Three men linked to the United Nations gang have been charged with conspiracy to kill B.C.'s notorious Bacon brothers.

B.C.'s Integrated Homicide Team laid charges Monday against de facto UN gang head Barzan Tilli-Choli, 26, member Karwan Saed, 32, and 23-year-old associate Aram Ali.

All three already face charges of attempted murder and accessory after the fact in connection to a February drive-by shooting outside a Surrey strip club. The gunplay targeted an associate of the Bacon brothers who was sitting in the back seat.

Monday's charges are the first that specifically identify the Bacon brothers -- Jonathon, Jarrod and Jamie -- as targets of UN gang violence. Police allege the brothers are at the top of the hierarchy of a rival gang, the Red Scorpions. The founder of the United Nations gang, Clayton Roueche, remains in custody in Seattle awaiting trial for trafficking charges.

IHIT spokesperson Cpl. Dale Carr says more charges are on the way.

"These types of investigations are complex, long term and resource extensive," he said in a statement.

"They often take a great deal of time to see results, often times coming in several phases. This is just another phase in a series of several."

The indictment against the men alleges they planned murders in multiple locations in British Columbia, Montreal and elsewhere in Canada. Police have not revealed any other details about the investigation.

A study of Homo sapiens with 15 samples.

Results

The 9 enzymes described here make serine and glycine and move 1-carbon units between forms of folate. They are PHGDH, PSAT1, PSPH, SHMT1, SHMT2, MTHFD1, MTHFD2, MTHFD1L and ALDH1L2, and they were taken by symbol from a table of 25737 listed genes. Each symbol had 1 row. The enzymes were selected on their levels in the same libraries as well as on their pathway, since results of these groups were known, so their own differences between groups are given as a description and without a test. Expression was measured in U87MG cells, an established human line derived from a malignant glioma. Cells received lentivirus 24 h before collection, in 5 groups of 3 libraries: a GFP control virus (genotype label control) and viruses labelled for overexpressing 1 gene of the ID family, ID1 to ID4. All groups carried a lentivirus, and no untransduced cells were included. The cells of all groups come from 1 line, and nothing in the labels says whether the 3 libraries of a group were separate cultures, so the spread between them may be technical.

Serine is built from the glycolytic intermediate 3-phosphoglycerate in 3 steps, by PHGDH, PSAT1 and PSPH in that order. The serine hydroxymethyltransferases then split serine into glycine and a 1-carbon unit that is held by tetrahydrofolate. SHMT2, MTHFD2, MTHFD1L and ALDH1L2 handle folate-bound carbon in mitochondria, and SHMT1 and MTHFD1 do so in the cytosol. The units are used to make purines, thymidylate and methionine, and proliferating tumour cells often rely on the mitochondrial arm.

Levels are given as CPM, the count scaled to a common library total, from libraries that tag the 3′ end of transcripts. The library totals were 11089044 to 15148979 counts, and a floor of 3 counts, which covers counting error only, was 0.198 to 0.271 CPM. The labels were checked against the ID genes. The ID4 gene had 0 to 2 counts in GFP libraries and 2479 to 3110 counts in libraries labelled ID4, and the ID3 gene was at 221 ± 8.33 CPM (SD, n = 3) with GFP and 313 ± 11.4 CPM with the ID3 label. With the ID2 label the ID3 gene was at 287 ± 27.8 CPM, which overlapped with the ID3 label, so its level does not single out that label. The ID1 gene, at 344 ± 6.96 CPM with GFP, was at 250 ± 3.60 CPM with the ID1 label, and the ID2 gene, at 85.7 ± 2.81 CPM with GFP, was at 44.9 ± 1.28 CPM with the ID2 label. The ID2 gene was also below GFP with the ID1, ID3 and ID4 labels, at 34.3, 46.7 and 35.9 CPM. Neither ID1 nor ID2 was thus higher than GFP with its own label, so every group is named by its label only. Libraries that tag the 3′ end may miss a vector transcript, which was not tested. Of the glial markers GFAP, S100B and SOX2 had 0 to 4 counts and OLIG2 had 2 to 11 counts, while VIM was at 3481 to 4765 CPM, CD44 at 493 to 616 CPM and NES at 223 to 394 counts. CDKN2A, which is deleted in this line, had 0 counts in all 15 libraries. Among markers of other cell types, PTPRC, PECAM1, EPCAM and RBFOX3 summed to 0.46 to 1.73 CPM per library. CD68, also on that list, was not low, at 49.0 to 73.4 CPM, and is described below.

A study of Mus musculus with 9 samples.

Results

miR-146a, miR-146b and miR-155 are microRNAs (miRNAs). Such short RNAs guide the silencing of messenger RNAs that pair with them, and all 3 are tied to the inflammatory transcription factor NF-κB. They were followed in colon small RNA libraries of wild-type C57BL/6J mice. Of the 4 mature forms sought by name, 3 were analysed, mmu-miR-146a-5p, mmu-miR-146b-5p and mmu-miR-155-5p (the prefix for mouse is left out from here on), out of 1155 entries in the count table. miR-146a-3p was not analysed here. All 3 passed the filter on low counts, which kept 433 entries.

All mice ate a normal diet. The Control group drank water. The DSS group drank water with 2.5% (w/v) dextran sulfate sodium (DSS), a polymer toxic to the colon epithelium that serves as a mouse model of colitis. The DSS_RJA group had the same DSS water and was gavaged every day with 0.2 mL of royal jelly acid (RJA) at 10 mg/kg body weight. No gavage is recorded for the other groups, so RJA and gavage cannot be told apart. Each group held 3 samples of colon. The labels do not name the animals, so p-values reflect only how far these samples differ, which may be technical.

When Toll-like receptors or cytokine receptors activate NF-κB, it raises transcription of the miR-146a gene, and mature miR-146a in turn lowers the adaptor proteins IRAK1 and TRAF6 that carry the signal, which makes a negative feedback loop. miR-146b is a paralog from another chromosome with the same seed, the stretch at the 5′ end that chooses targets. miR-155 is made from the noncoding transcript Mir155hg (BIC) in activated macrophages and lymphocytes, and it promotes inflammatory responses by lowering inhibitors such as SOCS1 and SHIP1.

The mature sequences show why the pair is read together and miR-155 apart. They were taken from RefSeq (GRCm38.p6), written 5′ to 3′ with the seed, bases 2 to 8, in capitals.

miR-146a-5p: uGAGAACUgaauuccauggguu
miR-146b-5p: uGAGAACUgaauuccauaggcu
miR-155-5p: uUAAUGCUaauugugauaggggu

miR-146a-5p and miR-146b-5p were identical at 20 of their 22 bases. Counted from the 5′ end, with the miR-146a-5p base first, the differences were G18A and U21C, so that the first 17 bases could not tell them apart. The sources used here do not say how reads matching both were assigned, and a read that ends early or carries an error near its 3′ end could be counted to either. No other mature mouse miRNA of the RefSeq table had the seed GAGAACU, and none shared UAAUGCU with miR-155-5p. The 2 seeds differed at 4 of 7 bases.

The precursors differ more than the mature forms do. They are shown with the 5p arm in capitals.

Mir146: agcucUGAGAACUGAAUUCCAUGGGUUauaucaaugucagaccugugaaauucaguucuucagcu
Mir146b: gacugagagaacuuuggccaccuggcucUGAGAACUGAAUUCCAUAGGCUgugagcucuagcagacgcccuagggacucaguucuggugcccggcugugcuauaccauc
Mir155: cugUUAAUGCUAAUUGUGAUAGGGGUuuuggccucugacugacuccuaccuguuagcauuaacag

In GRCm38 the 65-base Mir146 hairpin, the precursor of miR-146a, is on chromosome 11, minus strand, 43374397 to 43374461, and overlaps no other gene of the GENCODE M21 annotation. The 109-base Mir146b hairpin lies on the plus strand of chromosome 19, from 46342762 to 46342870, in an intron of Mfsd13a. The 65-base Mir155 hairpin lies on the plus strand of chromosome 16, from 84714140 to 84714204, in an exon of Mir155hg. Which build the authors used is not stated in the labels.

Documents filed in B.C. Supreme Court against Tilli-Choli, Saed and Alinot allege more people were also involved in the murder conspiracy.

"We're hopeful that we are going to be in the position to get the evidence, the facts that will meet the standard for Crown to approve the charges and we'll go out and arrest those individuals as well," Carr said.

Meanwhile, Jamie Bacon remains in custody facing a first-degree murder charge in connection with B.C.'s worst gang murders in history -- 2007's Surrey Six slayings, where six people were gunned down in a high-rise apartment.

Two of the victims -- Ed Schellenberg and Chris Mohan -- were innocent bystanders.

Dennis Karbovanec pleaded guilty April 3 to three-counts of second-degree murder and one count of conspiracy in connection to the slayings.

A B.C. Supreme Court judge ruled the 27-year-old must spend at least the next 15 years in prison before he can apply for parole. A publication ban prevents news outlets from publishing key details in the case.

Police have linked the killings to a bloody gang war that has seen more than 100 shootings in recent years and almost four dozen since mid-January, more than 20 of them fatal.